GREEN BAY, Wis. — Cornerback Davon House walked out of the locker room Sunday after the Green Bay Packers’ fourth straight win with his team playbook — the iPad — under his arm and big plans for the bye week (after he checks with his wife first, of course).
House will go fishing back in New Mexico, where he went to college.
“They have a couple of good lakes over there and I have to get off the feet a little bit,” the second-year player said.
With red-hot Green Bay beating Arizona on Sunday for its fourth straight victory, coach Mike McCarthy made good on his promise to give the players the entire week off. Everyone is in some way taking advantage of that time, but not everyone is treating the week the same.
House will take a break in the middle of the week and the iPad will not go on the boat with him.
“I could but, I don’t know if it’s safe to bring along this $20,000 iPad onto a fishing boat,” House said.
He’ll save his study time for the weekend when he comes back.
The Packers face a critical and strange part of their season when they return to work Monday. Five of their final seven games are against NFC North opponents. Chicago has run out to a 7-1 lead; the Packers sit in second place at 6-3. Minnesota is 5-4 and Detroit is 4-4. It should be a wild and fun unfolding of the season in November and December.
Ask 53 Packers how they’ll use the bye week as their best approach to the second half of the season and you’ll get 53 answers.
With the news that linebacker Clay Matthews will be out a couple weeks with an injured hamstring, his backup, rookie Dezman Moses, will rest a lot this week but will crack open the iPad a lot, while waiting for his food at a restaurant, or while on his flight to New Orleans to visit friends at Tulane.
“That’s the advantage of having the iPad, all this technology. Even when you’re away you can still mentally prepare,” Moses said. “We need this physical break but mentally we’re still engaged.
“It is important for me to rest, but I’m not worried about hitting the rookie wall. College season would be done by now. It’s all how you approach it. For me it’s another opportunity to play football. That’s a blessing I don’t take it for granted.”
Though he’s in his fifth year, 27-year-old linebacker Erik Walden shares that same enthusiasm. He will remain in Green Bay for most of the week to rest and watch football. He watched the Monday night game and he will watch every other game he can this weekend.
“Anytime you can you can see your opponents coming up, you want to take advantage of it,” Walden said. “You want to see the tendencies they’re working with. Also, being not just a player but a fan of the game, I can’t just not watch football.”
Others are taking a half-and-half approach. McCarthy and his staff will be in Green Bay this week working and then will be off for the weekend.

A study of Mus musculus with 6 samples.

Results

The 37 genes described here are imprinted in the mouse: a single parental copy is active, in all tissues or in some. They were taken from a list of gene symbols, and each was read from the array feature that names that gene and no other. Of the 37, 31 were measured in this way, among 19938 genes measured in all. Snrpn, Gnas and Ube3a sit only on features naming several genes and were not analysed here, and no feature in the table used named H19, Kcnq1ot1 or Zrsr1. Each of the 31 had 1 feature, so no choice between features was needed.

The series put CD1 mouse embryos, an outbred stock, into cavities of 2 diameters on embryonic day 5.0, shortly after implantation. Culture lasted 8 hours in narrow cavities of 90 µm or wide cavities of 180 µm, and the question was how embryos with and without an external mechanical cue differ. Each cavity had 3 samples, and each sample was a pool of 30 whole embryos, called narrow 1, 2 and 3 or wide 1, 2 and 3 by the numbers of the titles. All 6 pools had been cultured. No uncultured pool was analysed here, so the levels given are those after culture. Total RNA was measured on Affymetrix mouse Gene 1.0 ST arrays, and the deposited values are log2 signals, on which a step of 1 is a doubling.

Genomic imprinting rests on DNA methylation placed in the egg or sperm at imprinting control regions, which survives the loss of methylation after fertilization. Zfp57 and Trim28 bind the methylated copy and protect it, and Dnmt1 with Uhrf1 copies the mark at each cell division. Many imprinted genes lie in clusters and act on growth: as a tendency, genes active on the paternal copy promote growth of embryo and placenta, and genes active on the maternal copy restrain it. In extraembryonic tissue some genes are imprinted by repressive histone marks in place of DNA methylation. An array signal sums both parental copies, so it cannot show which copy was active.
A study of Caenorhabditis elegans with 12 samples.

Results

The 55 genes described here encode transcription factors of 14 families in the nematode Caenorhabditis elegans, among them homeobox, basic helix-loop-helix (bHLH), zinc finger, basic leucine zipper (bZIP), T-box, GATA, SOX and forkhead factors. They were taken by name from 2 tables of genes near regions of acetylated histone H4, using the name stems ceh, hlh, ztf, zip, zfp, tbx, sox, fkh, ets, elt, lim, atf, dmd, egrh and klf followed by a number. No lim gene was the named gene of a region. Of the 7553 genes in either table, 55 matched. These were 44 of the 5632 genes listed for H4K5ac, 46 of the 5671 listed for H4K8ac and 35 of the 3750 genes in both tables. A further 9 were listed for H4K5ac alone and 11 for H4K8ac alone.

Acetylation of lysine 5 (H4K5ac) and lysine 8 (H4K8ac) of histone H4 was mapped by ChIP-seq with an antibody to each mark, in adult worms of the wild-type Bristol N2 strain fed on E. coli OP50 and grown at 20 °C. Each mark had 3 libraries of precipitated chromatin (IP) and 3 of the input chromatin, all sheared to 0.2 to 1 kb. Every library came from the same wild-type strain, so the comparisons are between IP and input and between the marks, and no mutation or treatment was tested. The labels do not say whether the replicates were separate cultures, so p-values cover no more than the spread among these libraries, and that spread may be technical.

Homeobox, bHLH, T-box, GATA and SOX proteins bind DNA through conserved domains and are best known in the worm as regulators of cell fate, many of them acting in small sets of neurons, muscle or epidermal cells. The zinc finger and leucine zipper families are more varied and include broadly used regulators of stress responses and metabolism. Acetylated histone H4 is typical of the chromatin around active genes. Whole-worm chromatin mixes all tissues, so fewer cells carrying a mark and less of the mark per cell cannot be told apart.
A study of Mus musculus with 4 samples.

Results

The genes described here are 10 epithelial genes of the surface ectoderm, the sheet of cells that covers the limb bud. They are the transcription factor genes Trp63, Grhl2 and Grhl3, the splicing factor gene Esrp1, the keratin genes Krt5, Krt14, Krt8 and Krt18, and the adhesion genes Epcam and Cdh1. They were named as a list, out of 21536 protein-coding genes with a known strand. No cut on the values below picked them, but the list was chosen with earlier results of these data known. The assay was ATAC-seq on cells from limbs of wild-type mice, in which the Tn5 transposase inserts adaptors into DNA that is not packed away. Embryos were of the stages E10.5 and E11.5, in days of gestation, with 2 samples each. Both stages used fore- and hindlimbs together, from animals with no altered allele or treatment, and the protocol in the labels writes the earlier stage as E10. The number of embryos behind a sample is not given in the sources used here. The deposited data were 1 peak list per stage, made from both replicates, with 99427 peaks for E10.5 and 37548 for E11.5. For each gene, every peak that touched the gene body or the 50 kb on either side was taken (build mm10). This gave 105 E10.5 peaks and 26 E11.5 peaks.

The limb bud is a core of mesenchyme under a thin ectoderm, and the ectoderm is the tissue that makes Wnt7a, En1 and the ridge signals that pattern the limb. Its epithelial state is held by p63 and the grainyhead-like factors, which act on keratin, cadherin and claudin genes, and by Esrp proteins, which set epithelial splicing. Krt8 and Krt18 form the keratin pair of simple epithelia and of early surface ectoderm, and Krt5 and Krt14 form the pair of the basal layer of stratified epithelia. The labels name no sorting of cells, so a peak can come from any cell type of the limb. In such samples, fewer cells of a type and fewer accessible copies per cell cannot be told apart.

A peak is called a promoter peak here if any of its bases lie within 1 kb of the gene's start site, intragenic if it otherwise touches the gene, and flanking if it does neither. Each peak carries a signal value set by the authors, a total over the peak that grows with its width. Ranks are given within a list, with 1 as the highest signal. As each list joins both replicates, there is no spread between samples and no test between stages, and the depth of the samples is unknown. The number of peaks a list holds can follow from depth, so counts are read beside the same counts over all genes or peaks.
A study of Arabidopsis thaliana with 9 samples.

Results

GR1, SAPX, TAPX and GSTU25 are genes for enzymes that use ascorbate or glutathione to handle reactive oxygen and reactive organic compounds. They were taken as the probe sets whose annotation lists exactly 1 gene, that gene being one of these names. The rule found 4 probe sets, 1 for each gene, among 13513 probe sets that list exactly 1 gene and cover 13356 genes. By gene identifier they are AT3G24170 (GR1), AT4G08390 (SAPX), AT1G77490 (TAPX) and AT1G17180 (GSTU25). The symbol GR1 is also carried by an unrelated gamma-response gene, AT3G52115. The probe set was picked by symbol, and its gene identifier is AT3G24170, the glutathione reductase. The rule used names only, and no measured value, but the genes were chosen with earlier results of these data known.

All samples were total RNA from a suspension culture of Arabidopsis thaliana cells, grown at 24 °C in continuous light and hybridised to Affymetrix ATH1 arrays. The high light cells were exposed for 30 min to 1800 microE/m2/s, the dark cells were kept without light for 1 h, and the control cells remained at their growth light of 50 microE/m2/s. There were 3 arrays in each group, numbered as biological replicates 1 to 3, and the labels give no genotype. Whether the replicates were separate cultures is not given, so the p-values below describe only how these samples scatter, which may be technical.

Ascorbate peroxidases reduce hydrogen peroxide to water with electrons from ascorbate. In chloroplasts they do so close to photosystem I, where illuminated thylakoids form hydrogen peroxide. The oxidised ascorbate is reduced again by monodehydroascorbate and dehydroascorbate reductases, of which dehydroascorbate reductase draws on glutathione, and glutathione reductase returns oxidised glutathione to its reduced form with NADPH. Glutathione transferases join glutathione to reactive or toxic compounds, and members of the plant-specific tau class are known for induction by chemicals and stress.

“We’ve never played this many division games in this period of time, so that’s part of our emphasis,” McCarthy said.
“This is always a good break to be able to reflect and look at the things you’ve done well and areas you feel you need to improve,” said defensive coordinator Dom Capers. “Obviously, it gives us a chance to evaluate where our injured guys are and what the possibilities are in different combinations of guys coming back.”
Some players are doing the same balancing act as the coaches.
“It’s important to get a little time away,” said tight end Ryan Taylor, who will stay in Green Bay for the first half of the week and then go home to North Carolina later. “We’ve been going six, sometimes seven days a week for months now.”
Offensive lineman Evan Dietrich-Smith’s plans haven’t changed just because it looks like he will be playing more. Right tackle Bryan Bulaga has a hip injury and his status appears very much up in the air, which has meant a shuffling of the line and more playing time for Dietrich-Smith. He’s ready.
“I’m going to work out; you need to, they tell us we have to,” he said. “I’ll be sticking around Green Bay, maybe heading out of town for a day or two. I didn’t really have any plans for the bye week of really taking off and going anywhere.”
But others feel differently. Sixth-year veteran Tramon Williams is among a large group of Packers who see this time as their first break since training camp opened in late July.
“Get away from football. You need a mental break more than anything,” he said. “Mentally more than physically. Physically, anyone who is in the NFL is gifted and can play. A lot of guys don’t have it mentally, though. That’s kind of what separates the great from the good. I’m going to take a break — physical, mental, everything.”
Backup quarterback Graham Harrell said the same thing. Second-year all-everything player Randall Cobb said he probably won’t watch or think about football for a second.
“A bye week is a break,” defensive end C.J. Wilson said. “You’ve got to get away from football, you’ve got to get away from it all. But don’t think for one second it won’t be on everybody’s mind, what we’ve got to come back to keep this train rolling.”
“That’s the advantage of having the iPad, all this technology. Even when you’re away you can still mentally prepare. We need this physical break but mentally we’re still engaged.”